Ken Detzner wants to counties to purge voter rolls again. After last year’s fuss, however, Florida’s secretary of state is touring the state to explain Project Integrity. Penny Ogg will listen, but Highlands County’s elections supervisor isn’t convinced another state-led purge is necessary. “Through transparency and the statutory due-process protection afforded to every voter, we can ensure the continued integrity of our voter rolls while protecting the voting rights of eligible voters from those who may cast an illegal vote,” Detzner said in a press release last week. “I am going to the roundtable discussion with Secretary Detzner in Orlando on Oct. 7,” Ogg said. “After that meeting, we hope to have better information regarding this issue since we, as supervisors, have not been given details of how they plan to roll out this new phase.” More meetings are scheduled in Panama City, Jacksonville, Sarasota and Fort Lauderdale. Nearly all the 67 elections supervisors scrapped last year’s purge – requested by Gov. Rick Scott – after they discovered the majority of 2,600 voters flagged by Detzner’s office were eligible. Most were minorities or had Hispanic-sounding surnames. Last year’s Florida crossmatched dataset included the names of naturalized citizens and even some who were born in the U.S.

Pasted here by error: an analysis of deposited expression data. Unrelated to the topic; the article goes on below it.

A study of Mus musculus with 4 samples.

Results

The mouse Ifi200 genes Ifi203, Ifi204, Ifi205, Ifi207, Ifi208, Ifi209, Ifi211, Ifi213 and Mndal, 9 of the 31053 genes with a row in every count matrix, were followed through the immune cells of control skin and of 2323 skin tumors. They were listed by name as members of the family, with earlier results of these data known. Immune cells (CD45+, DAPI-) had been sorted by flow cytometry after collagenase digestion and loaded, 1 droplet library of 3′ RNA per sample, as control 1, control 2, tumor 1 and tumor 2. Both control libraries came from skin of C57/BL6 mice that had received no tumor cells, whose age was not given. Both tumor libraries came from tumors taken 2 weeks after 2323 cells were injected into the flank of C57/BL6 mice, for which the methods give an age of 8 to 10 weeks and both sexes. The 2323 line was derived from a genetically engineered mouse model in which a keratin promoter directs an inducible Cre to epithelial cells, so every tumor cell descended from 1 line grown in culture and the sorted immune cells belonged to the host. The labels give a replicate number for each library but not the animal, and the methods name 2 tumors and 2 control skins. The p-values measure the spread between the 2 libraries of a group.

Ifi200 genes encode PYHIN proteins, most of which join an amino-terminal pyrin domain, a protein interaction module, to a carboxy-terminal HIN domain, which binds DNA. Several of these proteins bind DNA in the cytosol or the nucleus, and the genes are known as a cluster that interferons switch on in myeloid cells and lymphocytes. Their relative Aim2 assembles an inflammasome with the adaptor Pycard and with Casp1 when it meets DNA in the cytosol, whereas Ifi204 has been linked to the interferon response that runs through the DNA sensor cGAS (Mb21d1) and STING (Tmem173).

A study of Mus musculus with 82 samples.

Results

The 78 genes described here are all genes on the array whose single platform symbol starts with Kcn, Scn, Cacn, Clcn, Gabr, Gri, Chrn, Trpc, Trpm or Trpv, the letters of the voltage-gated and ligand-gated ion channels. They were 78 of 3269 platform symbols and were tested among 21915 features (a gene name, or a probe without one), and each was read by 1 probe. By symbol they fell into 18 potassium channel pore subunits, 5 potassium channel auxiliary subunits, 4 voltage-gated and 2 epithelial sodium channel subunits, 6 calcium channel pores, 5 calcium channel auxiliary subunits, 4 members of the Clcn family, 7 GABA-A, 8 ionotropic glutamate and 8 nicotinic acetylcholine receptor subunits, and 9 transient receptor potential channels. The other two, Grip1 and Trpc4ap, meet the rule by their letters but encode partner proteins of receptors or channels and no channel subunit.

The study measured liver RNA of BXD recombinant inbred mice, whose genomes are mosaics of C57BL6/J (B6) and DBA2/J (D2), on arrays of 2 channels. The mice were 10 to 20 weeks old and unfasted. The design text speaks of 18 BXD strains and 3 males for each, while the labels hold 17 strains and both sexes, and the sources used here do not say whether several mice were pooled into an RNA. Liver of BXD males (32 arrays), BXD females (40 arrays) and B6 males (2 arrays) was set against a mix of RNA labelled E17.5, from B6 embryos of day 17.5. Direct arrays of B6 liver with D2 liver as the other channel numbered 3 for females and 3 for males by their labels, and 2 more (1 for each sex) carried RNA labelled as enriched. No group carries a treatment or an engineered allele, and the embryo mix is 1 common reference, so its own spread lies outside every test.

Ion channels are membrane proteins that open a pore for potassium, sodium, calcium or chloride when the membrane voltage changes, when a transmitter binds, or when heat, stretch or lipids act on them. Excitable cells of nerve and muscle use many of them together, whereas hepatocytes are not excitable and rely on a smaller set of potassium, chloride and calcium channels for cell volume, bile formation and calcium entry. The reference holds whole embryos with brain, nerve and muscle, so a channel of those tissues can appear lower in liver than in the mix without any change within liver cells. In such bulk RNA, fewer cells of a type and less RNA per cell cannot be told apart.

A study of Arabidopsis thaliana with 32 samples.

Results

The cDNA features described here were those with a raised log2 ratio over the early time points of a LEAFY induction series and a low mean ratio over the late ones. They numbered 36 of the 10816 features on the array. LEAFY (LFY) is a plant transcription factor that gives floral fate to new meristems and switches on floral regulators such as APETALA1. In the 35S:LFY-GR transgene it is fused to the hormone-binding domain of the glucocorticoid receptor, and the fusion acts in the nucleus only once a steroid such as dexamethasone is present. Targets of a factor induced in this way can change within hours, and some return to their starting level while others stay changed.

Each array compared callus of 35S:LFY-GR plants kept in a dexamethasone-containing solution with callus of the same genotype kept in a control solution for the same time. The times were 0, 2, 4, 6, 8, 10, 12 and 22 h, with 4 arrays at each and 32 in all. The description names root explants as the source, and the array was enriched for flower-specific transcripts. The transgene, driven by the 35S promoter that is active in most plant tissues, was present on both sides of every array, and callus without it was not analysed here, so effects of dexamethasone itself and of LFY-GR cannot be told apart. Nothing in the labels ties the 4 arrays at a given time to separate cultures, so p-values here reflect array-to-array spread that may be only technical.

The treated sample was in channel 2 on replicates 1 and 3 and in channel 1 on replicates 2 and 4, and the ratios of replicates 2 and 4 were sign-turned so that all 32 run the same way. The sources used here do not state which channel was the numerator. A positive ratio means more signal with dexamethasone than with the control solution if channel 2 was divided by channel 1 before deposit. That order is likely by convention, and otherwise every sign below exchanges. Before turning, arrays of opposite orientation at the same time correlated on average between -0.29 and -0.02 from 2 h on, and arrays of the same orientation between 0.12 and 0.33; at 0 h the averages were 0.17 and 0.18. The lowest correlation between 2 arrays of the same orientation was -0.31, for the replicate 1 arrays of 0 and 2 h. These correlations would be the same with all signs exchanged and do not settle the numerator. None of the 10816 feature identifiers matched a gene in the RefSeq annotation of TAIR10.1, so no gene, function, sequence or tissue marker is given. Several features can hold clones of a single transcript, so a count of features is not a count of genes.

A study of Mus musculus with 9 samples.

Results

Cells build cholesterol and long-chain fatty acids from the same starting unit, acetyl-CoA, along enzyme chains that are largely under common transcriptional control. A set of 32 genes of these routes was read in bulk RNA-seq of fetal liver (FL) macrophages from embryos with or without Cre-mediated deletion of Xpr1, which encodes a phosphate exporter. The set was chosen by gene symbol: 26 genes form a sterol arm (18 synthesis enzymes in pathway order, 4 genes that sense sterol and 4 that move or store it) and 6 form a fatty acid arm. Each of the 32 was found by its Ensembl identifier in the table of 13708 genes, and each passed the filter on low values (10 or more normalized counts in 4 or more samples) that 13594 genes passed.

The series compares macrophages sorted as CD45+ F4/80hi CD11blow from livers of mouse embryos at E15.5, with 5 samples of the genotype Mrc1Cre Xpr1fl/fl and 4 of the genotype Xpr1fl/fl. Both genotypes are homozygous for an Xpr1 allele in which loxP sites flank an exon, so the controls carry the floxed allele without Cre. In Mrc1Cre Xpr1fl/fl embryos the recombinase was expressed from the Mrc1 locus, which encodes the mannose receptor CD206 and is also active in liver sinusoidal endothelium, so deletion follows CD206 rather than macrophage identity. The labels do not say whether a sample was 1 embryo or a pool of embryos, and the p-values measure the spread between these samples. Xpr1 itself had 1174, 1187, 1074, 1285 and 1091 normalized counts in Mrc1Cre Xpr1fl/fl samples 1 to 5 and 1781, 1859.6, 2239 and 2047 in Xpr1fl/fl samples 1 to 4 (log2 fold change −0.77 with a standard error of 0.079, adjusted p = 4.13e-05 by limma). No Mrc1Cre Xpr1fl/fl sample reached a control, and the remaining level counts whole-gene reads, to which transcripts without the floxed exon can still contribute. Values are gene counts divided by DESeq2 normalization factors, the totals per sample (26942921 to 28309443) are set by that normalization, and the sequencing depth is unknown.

Last year, Ogg spent 10 to 20 hours checking five voters from that list. Although three had no local voting record, she sent letters to all five; four came back undeliverable. She was contacted by the father of the fifth.
“The father said his son was living in Japan,” Ogg said. Joe Campbell, a Democrat who was the election supervisor at the time, didn’t remove any names from the local list.
Ogg, a Republican, agreed. “We need positive proof that they aren’t citizens to remove someone. We need a death certificate or something like that. We don’t just take information over the phone. The same is true of the state list.”
Local supervisors have the sole authority to remove a voter’s name. “Because we’re elected by the people in this county,” Ogg said. “It puts a check on the system. That’s not something that’s done in Tallahassee. It’s done here.”
Despite the “Project Integrity” name, Detzner’s announcement drew fire from Pasco County Supervisor of Elections Brian Corley, who tweeted: “There is no greater ‘voter advocate’ or ‘voter roll integrity advocate’ than a Supervisor of Elections!”
Full Article: Florida wants to scrub voter rolls again.